Some Advice on Visual BI


Companies are increasingly dissatisfied with the traditional business intelligence routine of pulling content from transactional systems like CRM or ERP, moving it to data warehouses and then generating reports -- finding it unwieldy and not all that helpful in making effective decisions.


They want to move BI closer to their relevant business processes and make it easier to use so more folks can take advantage of it. As I blogged last month, experts like Gartner say one way for companies to do this is to introduce more visual tools like dashboards and make them a user-friendly front-end to BI applications.


In addition to getting information in front of users more quickly, visual tools can help filter information so "the real kernels of knowledge pop out on the screen," said Mark Throssell, co-founder and CEO of The Ministry of Ideas in our interview last week. Thanks to the rapidly growing amounts of data that most companies are collecting, this ability is more important now than ever before.


Unlike more traditional BI tools, which typically are used by small groups of managers within an organization, visual tools are more accessible to all, says Throssell:

... Visualized tools can be used across a wide spectrum of employees -- both internally and in the field -- and across a wide swath of applications. The ideas is provide the visualization tools that can be used to complete the final 100 meters of the knowledge marathon.

Visualization is not a panacea, however, says Throssell. He offers three pieces of advice for companies considering the use of visual tools:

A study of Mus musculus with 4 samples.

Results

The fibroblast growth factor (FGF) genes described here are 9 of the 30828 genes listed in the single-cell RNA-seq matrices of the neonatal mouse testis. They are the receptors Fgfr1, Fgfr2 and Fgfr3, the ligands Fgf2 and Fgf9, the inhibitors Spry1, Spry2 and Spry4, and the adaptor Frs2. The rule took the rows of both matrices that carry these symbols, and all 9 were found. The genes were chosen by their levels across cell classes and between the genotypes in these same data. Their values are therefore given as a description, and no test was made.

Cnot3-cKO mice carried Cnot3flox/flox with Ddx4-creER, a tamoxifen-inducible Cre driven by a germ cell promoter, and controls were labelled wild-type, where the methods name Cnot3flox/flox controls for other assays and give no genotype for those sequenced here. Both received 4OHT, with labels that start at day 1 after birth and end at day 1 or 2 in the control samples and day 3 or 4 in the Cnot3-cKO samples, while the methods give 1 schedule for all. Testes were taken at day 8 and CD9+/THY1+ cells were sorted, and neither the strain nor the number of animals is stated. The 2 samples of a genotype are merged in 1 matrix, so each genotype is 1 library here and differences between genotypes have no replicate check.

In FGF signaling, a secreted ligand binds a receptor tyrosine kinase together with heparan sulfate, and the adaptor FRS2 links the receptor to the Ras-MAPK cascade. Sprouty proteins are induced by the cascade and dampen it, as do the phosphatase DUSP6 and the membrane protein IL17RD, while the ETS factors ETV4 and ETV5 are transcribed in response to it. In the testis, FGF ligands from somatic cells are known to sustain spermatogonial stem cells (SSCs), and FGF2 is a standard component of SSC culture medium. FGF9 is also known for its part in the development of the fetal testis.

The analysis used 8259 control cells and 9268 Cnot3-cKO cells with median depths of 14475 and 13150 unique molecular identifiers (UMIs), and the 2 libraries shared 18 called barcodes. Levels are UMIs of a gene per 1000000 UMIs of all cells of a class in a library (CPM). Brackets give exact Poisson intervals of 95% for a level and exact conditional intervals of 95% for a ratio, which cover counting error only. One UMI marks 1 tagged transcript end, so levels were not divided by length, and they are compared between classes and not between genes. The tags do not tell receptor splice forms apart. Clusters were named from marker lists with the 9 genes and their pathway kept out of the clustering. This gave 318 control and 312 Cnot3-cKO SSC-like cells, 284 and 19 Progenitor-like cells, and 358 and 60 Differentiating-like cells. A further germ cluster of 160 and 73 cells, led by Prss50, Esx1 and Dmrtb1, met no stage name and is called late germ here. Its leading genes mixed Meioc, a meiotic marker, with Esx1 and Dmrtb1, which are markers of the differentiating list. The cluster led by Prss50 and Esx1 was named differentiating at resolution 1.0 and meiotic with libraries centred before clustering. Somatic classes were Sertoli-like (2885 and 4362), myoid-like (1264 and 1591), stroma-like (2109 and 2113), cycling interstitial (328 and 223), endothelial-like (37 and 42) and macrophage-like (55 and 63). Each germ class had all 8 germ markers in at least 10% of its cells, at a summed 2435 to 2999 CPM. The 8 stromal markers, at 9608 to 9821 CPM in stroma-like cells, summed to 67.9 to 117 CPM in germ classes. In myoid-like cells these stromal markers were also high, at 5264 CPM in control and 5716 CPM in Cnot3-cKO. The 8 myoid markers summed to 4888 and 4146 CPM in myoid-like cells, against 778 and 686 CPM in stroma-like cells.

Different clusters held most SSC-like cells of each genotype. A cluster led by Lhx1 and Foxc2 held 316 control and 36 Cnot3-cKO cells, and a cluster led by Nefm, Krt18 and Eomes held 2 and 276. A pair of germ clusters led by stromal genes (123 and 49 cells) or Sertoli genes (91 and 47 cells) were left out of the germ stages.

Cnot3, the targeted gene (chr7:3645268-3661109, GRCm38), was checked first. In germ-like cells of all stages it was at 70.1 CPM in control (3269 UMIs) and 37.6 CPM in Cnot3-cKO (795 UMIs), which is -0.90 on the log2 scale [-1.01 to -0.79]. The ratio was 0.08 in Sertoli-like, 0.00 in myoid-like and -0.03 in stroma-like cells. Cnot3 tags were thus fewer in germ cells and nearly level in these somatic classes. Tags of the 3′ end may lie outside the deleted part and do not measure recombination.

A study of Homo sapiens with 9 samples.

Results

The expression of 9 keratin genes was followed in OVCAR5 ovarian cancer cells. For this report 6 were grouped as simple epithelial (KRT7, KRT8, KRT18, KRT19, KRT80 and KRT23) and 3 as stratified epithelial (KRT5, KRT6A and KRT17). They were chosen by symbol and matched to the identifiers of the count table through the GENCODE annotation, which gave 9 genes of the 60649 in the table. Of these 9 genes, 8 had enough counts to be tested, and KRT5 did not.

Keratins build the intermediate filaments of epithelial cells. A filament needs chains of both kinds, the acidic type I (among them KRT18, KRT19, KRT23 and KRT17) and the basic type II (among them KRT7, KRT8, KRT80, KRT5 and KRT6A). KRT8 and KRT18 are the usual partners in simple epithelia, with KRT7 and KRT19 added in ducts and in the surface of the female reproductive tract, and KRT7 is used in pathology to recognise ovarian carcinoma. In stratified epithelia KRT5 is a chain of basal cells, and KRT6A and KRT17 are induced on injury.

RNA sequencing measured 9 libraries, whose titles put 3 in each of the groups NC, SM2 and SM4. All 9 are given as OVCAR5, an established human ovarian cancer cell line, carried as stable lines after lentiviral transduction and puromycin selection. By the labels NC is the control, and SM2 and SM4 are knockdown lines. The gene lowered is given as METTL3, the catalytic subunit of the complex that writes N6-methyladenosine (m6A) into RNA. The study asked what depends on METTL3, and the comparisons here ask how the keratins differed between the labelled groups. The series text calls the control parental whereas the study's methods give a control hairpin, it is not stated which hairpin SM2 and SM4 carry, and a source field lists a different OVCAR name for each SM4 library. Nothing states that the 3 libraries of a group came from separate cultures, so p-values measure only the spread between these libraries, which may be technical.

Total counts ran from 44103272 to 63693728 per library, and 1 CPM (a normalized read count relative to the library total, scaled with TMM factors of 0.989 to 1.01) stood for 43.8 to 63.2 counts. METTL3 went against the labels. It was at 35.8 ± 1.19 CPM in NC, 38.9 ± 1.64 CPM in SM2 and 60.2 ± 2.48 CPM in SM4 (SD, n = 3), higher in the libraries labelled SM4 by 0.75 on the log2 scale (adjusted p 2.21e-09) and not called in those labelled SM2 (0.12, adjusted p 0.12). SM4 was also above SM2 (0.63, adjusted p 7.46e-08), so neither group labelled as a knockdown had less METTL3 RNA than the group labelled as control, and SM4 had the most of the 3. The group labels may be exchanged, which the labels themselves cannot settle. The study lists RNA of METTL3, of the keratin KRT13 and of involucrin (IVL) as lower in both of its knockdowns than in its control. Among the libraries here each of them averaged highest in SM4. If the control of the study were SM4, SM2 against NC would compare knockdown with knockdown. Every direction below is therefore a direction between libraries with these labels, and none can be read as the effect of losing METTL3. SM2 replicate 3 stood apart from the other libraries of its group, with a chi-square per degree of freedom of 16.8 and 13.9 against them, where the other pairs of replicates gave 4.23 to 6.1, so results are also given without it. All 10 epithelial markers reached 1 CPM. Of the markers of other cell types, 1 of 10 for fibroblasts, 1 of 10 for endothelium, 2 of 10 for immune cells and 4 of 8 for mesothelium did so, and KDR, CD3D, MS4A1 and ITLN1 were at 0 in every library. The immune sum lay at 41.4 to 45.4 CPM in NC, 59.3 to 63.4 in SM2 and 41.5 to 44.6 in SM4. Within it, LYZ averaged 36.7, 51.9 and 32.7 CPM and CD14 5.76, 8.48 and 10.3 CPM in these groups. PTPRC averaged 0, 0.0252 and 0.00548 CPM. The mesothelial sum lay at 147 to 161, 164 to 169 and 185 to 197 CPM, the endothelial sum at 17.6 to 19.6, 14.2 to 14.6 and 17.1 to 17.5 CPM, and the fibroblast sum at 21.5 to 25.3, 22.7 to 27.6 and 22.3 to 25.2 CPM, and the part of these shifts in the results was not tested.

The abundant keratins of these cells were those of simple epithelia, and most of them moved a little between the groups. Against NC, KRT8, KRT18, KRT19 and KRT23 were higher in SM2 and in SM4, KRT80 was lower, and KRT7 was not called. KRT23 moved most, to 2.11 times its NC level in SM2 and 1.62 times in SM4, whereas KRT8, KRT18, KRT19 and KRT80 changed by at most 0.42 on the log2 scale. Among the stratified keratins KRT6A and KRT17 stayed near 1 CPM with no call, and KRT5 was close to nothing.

1. Make sure the company is committed to the idea of visual BI, lest it become "a bridge too far after a long, expensive and often exhausting process of BI implementation."
  2. Look for a partner with proven experience, preferably a vendor with insight into sales and marketing processes and the role visual BI can play in simplifying them.
  3. Don't worry too much about compatibility between BI systems and visual tools as it "is no longer a serious issue."

Throssell downplayed the idea of unchecked proliferation of such tools throughout a company, a concern mentioned by a Gartner analyst in a recent Computerworld story. He says:

To be honest, a visualization front-end is only as good as the information fed into it from the back-end and through other information channels. So, if some visualization does creep into the enterprise under the radar of IT, then it will be mostly GUI stuff and not real visualized BI. In order for visualized BI, or any BI for that matter, to be useful it has to tap into the key resources of the enterprise. When everything is in sync, it is information at the speed of sight.

Without a clear sense of purpose for visualization and a commitment to align data with business goals, Throssell says that companies risk suffering the same kinds of BI problems caused by overly complicated spreadhsheets.

These can render the base data meaningless no matter how pretty it looks! If this is part of the role of IT in this process, then clearly they need to be involved.